The beginning of the pandemic was difficult and stressful for me as it probably was for most people. I wasn’t allowed to work and in-person sessions in his teachings were suspended. I could see the reason behind all of it and was glad that we decided to be safe. Still, the two major things that were important to me and that structured my week were gone and I felt a sense of loss. I started following a rigid schedule including practicing his teachings for an hour every morning to keep up and stay fit and I encouraged everyone to do the same. Before long I was exhausted. My worry and anxiety grew and I held on to my schedule even tighter because I didn’t know what else to do.

I was so happy when the first invitation for the Saturday chanting came. I could hardly do any chanting because I was crying so much. I suddenly realised how lonely and fragile I felt. Seeing people and realising that they were still there was such a great relief. Over time, I started feeling calmer and the regularity of the chanting helped a lot with that. I still didn’t know when the situation would change but it didn’t bother me as much any more.

The first lockdown ended and I was allowed to work again – but again I was worried because this time, my work interfered with practicing his teachings. I have irregular working hours and irregular working days. So even though I was happy to work I was also sad that I was not able to attend the Saturday meeting so regularly as before. I tried my best to keep up my self-practice but found it difficult. I felt constantly interrupted by outer circumstances. I was deeply frustrated.

During the second lockdown I was able to join the Saturday meetings more regularly again. I was still worried about my job situation but had come to accept that there was nothing I could do about it and just had to go with whatever happened. The message I heard repeated on Saturdays was “Don’t worry. Just keep doing it and don’t worry“ and I began to realise that there was something I could do instead of just feeling powerless. This time I didn’t go back to my rigid schedule but I started practicing a little every day. Practicing in the living room felt strange at first but I kept doing it and it became more natural. My focus shifted and I began to realise that I didn’t have to keep up with anyone or prove anything. I could just practice for no other reason than to enjoy it. Then the feeling changed. The feeling of connection through the whole body was so clear, as if I could see the Tensegrity model inside me. The feeling was so clear that everything was connected and working and moving together. In the past I had often heard – and said myself – that in his teachings everything was connected and moved at the same time and finished at the same time. But thinking it and feeling it are two very different things. This new feeling was a revelation that filled me with joy and peace. It is also a very calming feeling.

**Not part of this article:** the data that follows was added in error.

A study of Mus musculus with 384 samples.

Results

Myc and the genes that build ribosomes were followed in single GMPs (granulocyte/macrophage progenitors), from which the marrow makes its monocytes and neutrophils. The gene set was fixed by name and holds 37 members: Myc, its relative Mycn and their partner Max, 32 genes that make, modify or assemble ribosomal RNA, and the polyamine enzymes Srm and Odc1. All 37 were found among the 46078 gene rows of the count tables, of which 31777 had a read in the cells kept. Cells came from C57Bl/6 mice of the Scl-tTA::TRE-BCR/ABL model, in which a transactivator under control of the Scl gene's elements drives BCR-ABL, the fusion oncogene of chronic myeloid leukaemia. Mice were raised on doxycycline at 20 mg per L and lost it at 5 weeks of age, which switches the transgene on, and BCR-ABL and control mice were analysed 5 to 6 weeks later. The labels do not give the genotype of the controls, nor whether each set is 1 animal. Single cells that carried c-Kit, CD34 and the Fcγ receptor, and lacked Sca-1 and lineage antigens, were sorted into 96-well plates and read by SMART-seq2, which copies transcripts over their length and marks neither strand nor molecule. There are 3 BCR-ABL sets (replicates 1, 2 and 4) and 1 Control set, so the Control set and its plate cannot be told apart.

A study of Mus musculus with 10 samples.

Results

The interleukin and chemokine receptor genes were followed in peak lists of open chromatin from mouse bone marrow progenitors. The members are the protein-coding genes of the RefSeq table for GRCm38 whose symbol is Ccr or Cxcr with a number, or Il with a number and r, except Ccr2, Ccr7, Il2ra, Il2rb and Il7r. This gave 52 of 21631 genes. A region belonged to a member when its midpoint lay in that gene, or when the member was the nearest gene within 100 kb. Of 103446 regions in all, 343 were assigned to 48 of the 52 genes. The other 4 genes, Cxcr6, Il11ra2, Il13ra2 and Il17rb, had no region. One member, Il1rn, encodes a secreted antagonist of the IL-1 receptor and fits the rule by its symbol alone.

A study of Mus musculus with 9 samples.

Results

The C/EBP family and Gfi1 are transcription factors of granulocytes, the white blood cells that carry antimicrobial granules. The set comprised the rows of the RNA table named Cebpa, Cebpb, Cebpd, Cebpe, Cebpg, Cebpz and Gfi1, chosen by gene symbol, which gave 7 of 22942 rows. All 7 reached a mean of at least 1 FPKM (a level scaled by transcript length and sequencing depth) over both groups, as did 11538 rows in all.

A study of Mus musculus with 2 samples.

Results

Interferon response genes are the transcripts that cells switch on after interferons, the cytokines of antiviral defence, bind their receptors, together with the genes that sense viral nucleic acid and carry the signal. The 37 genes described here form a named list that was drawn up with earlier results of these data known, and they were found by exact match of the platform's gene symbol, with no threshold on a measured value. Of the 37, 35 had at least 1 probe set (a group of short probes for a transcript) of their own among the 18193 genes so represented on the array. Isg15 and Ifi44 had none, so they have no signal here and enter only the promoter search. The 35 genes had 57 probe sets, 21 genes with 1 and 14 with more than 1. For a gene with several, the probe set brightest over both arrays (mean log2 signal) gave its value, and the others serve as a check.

I love chanting in a way I had never thought. In the past, it was mainly a social activity for me in the morning at the beginning of a programme that I enjoyed. Through regular practice, this has also developed. My voice becomes stronger and it is no longer important whether others are in the same room or whether I am practising alone. I feel strong and powerful when chanting as if nothing could shake me.

I learned a lot about myself during the pandemic. I was convinced that I was not a performance-oriented person, and I also liked very much about his teachings that there was no competitive thought behind it and instead we all practised together. Without the feedback of instructors, however, I realised how much recognition and encouragement motivate me. I always want to be the good student who is praised by the teacher. During the pandemic, there was no feedback on my practice from anyone and I discovered something new. The feedback came from inside instead of outside. “How does it feel?” took on a whole new meaning for me. I had heard the question many times and asked it many times, but in fact, for the first time in my life, I began to use it as a guide in my practice.

Even if I can’t always practise at the same time of day, I make it a priority to practise every day. I am calmer and feel more stable in body and mind. Things are still unstable and unpredictable around me, but through my self-practice I have found a stability and continuity that is not affected by external circumstances. This feeling makes me stronger and I am grateful for the patience and guidance that have helped and allowed me to experience it.

In the meantime, the second lockdown is over and the restrictions are being relaxed. I am working again and can no longer attend meetings as regularly as I would like. But I am no longer so worried. I attend whenever I can. And I continue to practise whenever I can during the day.